Almost a Kiss

I would like to think it was my idea, but it wasn’t.

“It’s nice weather for a drive,” she said, looking out of the french window in the living room. “You should take me on that drive you promised.”

We had the french windows slid open to let in the fresh air. It had rained in the afternoon and washed away the heat that had persisted since last week. There were still a few white unthreatening clouds in the sky, strokes of a white paintbrush on the blue canvas.

Mehek and I had spent the last two days cuddled up in bed under the fan and ordered when we got hungry. It was our time off from the world. It was our way to recharge.

“Yes, we should,” I agreed. “You know we can go to De Parathzzaa cafe on the Mysore road. You wanted to go there, right.”

“The Dhaba, your office girlfriend, told you about,” she teased me.

“Yes, that one,” I told her, grabbing her by the waist and tickling her. I kissed on the back of her neck and slowly made it all the up to her earlobes.

She let out a sigh as I put my hands under her shirt and gently caress along the sides of her waist.

“OK, this would have to wait,” I said, getting up. “Chop chop, let’s get ready.”

“Damn you,” she muttered under her breath. “You excite me and then stop. You can’t do this!”

“Oh well. It’s your punishment for teasing me.” I shrugged.

“Your punishment,” she throws a pillow at me. “You started this.”

NICE Road is one of the few roads worth a damn in Bangalore. The only place I can press the paddle down and switch to top gear. I let the windows down and turned on the music.

The sun cast long shadows on the dusty asphalt road in front of us. We overtook slow-moving trucks and swayed with the curves of the road. We exited the NICE Road to join the Mysore highway and drove for another half an hour to reach the Dhaba.

It was a wooden cabin with ample parking and open fields. The wood had a warm hue reflecting the light from the setting sun, and the green of the spruce tree on the side of the cabin had a beautiful shade of lime green. The fields behind the Dhaba were creased by long shadows of the trees on the far end.

De Parathzzaa cafe

The rushing highway traffic almost sounded like a stream if I closed my eyes, and the evening breeze could almost make me forget I was next to one of the busiest highways in the state.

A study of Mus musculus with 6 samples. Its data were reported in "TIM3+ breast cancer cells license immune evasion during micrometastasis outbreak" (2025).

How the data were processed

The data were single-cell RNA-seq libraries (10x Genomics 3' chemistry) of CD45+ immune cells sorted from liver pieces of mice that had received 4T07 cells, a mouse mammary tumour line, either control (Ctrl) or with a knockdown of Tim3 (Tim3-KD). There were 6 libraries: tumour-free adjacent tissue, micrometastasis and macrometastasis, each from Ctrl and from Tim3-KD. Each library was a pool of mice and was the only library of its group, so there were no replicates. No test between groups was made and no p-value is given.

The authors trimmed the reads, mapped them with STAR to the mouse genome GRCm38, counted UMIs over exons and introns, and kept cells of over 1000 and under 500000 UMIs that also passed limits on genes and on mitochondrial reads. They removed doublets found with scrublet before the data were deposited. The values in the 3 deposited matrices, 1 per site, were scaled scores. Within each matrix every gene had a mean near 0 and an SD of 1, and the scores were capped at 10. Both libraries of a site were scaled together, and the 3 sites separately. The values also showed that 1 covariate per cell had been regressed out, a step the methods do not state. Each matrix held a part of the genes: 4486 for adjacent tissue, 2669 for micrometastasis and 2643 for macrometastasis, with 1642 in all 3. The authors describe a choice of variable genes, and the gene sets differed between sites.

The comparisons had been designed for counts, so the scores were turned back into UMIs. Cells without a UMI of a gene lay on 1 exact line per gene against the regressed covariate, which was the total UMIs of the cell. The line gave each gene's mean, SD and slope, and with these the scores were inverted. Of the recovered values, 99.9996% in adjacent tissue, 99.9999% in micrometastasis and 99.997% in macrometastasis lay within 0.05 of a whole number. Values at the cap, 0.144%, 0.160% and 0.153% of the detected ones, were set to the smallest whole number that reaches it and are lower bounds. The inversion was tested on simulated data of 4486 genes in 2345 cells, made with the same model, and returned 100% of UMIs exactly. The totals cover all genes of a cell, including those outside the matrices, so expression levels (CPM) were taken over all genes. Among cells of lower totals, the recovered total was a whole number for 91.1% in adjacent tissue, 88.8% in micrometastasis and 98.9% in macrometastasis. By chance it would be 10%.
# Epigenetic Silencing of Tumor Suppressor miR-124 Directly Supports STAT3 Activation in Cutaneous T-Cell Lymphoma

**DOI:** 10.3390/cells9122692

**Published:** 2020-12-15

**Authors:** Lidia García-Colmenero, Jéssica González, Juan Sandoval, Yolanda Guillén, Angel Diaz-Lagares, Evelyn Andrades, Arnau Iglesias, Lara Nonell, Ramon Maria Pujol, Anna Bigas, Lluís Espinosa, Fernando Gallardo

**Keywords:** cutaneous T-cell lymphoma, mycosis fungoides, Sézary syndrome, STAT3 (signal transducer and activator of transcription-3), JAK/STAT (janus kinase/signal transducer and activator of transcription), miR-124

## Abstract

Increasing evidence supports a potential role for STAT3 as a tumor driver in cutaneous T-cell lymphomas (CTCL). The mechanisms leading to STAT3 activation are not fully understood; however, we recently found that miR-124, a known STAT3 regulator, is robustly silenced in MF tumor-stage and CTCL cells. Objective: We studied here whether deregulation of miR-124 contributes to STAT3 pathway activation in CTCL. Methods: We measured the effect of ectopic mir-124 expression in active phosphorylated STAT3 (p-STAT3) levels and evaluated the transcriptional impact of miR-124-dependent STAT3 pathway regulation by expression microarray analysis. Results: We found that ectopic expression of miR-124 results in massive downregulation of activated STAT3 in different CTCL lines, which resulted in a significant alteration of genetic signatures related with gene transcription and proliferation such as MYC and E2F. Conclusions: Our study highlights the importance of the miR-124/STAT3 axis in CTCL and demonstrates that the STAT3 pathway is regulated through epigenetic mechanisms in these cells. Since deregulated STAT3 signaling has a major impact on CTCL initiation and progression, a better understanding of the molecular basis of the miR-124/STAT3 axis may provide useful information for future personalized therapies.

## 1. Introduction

We ordered paratha, onion pakoras, and chai.
Once we finished our evening snack, we took photographs around the cafe and explored the fields.

“Won’t it be fun the make out behind those trees?” Mehek whispered in my ear, pointing at the far side of the fields

We walked across the field to the thicket. Here the ground was still damp from the rain, and I wasn’t keen on entering the wet flora with my sandals. Mehek was wearing heels, which made it impractical to go any further.

I gave her a peck on the cheek and said, “OK, that’s it. I am not going any further. This will have to do.”

She frowned and screwed up her face. I leaned in to hug her, and she kissed me on the cheek, leaving a generous imprint of her red lipstick. I tried to remove it with my finger but ended up making it worse.

Mehek giggled and wiped the mark using the tissue she had picked up from the table.

When we retreated to the comfort of the Dhaba, we had another cup of tea. We watched the sunset behind the trees, and it turned dark. Soon thick clouds rolled in, and we decided it was time to start our return journey.

After I got in the car, I turned on the music system and picked Stay High by Tove Lo from the playlist. As soon as we pulled out of the Dhaba, it started to rain.

“This was perfect,” Mehek said.

“It indeed was,” I replied. “We couldn’t have planned it better.”

View from the house

By Anish

I write short stories and travel. Since I can't travel these days I write as much as I can. I published my first book last year. I am working on a new story right now. I love Nolan movies, Murakami books and recently I have developed a flavor for Fantasy novels.